Fundamental Freedoms - The Charter of Rights and Freedoms

If a court finds that your Charter rights have been violated and the violation is not justified under section 1 of the Charter (see 'Guarantee of Rights and Freedoms') what can be done?

If a Law Violates the Charter

The Charter is a part of Canada's Constitution, and is included in the Constitution Act, 1982. Section 52(1) of the Constitution Act, 1982 gives courts the power to say that a law that violates the Charter is not valid. You can ask a court to make such a declaration. When applying section 52, a court might:

  • strike out the part of the law that violates the Charter
  • interpret a law narrowly so that it fits Charter rights
  • 'read in' features to the law so that it meets Charter requirements
  • declare that you are not covered by the law that violates your Charter rights (a 'constitutional exemption')

Where Government Action Violates the Charter

Sometimes a law itself will not violate the Charter, but action taken under the law does. In such cases there is no reason to ask a court to declare the law unconstitutional. But you can ask a court to use its power under section 24 of the Charter. Under this section, a court can take any action that fits the situation - whatever is 'appropriate and just.' Here are some types of action a court can take under section 24:

  • Declarations (Statement)
    A court can make a statement about rights and duties. This is called a declaration. When a court makes a declaration, it will leave it up to the people involved to work out what action needs to be taken to respect the rights and duties.
  • Injunctions (Making someone act a certain way)
    A court can order someone to stop acting in a certain way or make them take action. This kind of order is called an injunction. Occasionally, courts will continue to supervise such a situation. For example, when a court found that a provincial government was violating the Charter for not providing French language schools, the judge ordered that the province make its best efforts to build school facilities and report back to him on the progress.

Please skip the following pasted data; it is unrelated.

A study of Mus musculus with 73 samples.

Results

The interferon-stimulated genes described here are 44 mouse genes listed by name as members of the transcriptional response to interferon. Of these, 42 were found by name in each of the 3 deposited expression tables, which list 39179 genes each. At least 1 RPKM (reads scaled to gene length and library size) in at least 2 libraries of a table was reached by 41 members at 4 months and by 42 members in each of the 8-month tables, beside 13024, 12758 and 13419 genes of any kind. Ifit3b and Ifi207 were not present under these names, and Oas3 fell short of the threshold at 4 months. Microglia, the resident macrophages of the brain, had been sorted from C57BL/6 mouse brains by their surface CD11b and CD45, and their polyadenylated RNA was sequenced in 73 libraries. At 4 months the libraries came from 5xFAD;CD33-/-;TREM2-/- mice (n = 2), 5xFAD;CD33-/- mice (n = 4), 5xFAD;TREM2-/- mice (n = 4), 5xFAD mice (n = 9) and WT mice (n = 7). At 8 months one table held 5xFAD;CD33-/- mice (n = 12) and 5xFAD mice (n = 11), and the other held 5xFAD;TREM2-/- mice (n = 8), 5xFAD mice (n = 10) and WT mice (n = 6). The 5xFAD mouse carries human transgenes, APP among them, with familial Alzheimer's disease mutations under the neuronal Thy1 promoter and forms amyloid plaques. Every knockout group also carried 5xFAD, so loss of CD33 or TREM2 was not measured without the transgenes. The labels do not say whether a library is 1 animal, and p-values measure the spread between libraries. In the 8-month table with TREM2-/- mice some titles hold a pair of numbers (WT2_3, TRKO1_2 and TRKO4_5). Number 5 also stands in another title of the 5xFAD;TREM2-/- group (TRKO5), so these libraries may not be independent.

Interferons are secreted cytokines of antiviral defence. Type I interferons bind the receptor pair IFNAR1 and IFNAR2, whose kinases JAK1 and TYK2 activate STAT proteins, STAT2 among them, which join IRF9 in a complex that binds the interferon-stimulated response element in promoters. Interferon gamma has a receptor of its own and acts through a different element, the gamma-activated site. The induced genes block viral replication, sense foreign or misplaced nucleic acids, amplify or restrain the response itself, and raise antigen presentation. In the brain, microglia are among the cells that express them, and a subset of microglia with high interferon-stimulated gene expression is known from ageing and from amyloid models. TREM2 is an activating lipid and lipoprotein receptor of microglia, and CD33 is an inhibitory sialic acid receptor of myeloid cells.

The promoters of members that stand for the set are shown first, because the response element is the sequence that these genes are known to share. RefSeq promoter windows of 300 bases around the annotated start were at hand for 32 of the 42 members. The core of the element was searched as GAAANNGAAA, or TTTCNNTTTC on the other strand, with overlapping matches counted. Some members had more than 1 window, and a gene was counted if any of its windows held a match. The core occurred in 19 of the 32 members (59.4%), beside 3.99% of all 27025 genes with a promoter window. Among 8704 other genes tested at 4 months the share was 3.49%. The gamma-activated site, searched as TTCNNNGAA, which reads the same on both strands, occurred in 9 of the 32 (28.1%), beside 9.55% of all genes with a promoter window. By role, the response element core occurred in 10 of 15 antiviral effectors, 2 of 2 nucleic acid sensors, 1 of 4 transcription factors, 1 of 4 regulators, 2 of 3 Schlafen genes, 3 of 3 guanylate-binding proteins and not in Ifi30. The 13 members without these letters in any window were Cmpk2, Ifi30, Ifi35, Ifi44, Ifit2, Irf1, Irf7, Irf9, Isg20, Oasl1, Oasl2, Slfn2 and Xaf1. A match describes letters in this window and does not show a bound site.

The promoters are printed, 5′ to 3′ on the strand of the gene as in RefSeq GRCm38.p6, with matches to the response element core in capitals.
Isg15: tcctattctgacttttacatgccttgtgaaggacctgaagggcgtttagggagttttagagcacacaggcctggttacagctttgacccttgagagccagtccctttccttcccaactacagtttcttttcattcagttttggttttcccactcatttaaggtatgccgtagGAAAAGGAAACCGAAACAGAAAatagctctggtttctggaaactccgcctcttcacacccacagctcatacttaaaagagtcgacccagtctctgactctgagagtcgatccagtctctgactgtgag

• Damages (Money)
    Damages are a court order for the payment of money to someone who has been injured. Orders for financial compensation are rarely made in Charter cases. For example, damage to dignity or reputation can be difficult to measure in dollars. A court will rarely order money to be paid to a person whose Charter rights were violated - particularly if a government was not intentionally abusing its power.

If Charter Rights Are Violated in a Criminal Case

  • Stopping the Criminal Prosecution
    If there is a serious violation of a person's Charter rights in a criminal case, a court can order a new trial. If even a new trial cannot address the problem caused by the Charter violation - such as unreasonable delay in hearing a case - a court can completely stop the criminal proceeding.
  • Excluding Evidence Under section 24(2),
    if evidence was obtained in a way that violated a person's Charter rights, a court can decide that the evidence cannot be used. A court can only do this if using the evidence would "bring the administration of justice into disrepute." This power to exclude evidence may be used in cases where, for example, police violated section 8 of the Charter by doing an unreasonable search.

W.L. Mackenze King, 1906-7. In any civilized coummunity, private rights should cease when they become public wrongs.